The pocket-sized Israel guidebook "Hiking the Jesus Trail and Other Biblical Walks in the Galilee" (published in April, 2010) was co-written by a husband-and-wife team (who were married shortly after this book was published). There are many existing footpaths within Israel, but the idea for a "Jesus Trail" is a completely new trail in commemoration of the biblical account from the Gospel of Matthew about how Jesus left his hometown of Nazareth and travelled to the village of Capernaum on the shores of the Sea of Galilee where Jesus gathered his first disciples. The trail was marked out with a white/orange/white trail blaze in 2009 by the public Israel Trails Committee which works in conjunction with the Society for the Protection of Nature in Israel.
The American Christian co-author David Landis is co-founder or co-initiator (along with his Jewish Israeli partner) of the newly marked hiking path which is referred to in English as the "Jesus Trail" or in Hebrew as the "Glad Tidings Road" or "Gospel Road." The book "Hiking the Jesus Trail" is a complete hiking and backpacking guide to all aspects of the new trail. The authors have extensive experience in backpacking the world over, and bring that knowledge and experience to the book.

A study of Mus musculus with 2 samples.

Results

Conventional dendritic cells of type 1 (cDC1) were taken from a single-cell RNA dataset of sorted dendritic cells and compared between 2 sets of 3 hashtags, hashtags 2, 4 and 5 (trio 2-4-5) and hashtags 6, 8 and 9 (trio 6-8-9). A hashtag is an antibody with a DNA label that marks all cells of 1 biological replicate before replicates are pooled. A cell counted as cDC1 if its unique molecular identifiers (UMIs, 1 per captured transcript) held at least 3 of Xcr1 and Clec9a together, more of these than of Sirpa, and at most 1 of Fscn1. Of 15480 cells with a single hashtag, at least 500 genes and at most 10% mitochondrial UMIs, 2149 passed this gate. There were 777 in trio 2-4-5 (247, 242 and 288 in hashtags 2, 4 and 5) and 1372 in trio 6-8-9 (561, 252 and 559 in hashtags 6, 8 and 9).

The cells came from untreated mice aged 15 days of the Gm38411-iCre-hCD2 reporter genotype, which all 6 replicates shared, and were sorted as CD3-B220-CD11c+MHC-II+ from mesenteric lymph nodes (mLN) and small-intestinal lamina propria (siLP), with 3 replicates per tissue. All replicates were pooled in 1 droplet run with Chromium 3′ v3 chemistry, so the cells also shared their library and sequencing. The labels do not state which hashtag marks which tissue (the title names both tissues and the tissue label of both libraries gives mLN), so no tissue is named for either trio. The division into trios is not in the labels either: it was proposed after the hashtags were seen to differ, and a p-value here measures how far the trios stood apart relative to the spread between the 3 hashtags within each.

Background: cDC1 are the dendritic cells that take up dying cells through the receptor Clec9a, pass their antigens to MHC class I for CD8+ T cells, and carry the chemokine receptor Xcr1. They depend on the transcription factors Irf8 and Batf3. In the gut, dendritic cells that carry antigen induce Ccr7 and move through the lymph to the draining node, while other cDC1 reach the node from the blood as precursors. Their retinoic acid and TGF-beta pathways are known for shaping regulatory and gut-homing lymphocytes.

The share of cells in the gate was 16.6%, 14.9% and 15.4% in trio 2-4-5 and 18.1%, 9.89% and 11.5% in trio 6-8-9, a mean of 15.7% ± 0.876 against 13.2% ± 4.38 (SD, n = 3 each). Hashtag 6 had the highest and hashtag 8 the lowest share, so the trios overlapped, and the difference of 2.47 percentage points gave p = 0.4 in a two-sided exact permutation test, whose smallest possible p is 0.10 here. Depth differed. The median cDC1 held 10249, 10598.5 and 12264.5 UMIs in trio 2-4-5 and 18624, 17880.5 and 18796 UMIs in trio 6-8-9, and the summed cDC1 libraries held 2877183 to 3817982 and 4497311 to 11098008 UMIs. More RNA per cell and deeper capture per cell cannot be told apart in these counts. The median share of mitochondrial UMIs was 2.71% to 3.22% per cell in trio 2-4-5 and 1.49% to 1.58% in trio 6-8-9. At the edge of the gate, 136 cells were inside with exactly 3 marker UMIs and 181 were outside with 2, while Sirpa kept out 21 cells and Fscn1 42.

The concept of a "Jesus Trail" fits in with a burgeoning modern rejuvenation of the historic Christian pilgrimage route in France and Spain called the "Way of St. James" or in Spanish, "El camino de Santiago," as well as the first official trail going the whole length of Israel which was established in the 1990s, which was in turn inspired by the 2,000 mile (3,500 km) trail along the eastern mountains of America called the Appalachian Trail established in the 1920s and 1930s.
The book covers the basic, most symbolically laden trail which involves a four-day walk from the hills of Nazareth down to the shores of the Sea of Galilee, as well as covering a walk to make a large circuit back to Nazareth, and another walk along the ridge above the Jordan Valley, in addition to a further trail going through the central region of the Galilee.
The book is very practical with maps of an overview, further extremely detailed maps of the trails, along with detailed lists of guest houses, camping sites, and thorough public transportation timetables and routes to get the potential hiker or backpacker to and from the Jesus Trail. The book is also lavishly illustrated with color photographs. The illustrations alone make the book worthy to obtain.
The tips and recommendations make this book suitable for a novice as well as for the more experienced hiker.
The book is filled with a goodnatured camaraderie of love and respect for Jews and Arabs one would meet along the way, as well as being sensitive and alive to the beauty of nature in the countryside, and has rich references to biblical culture and history.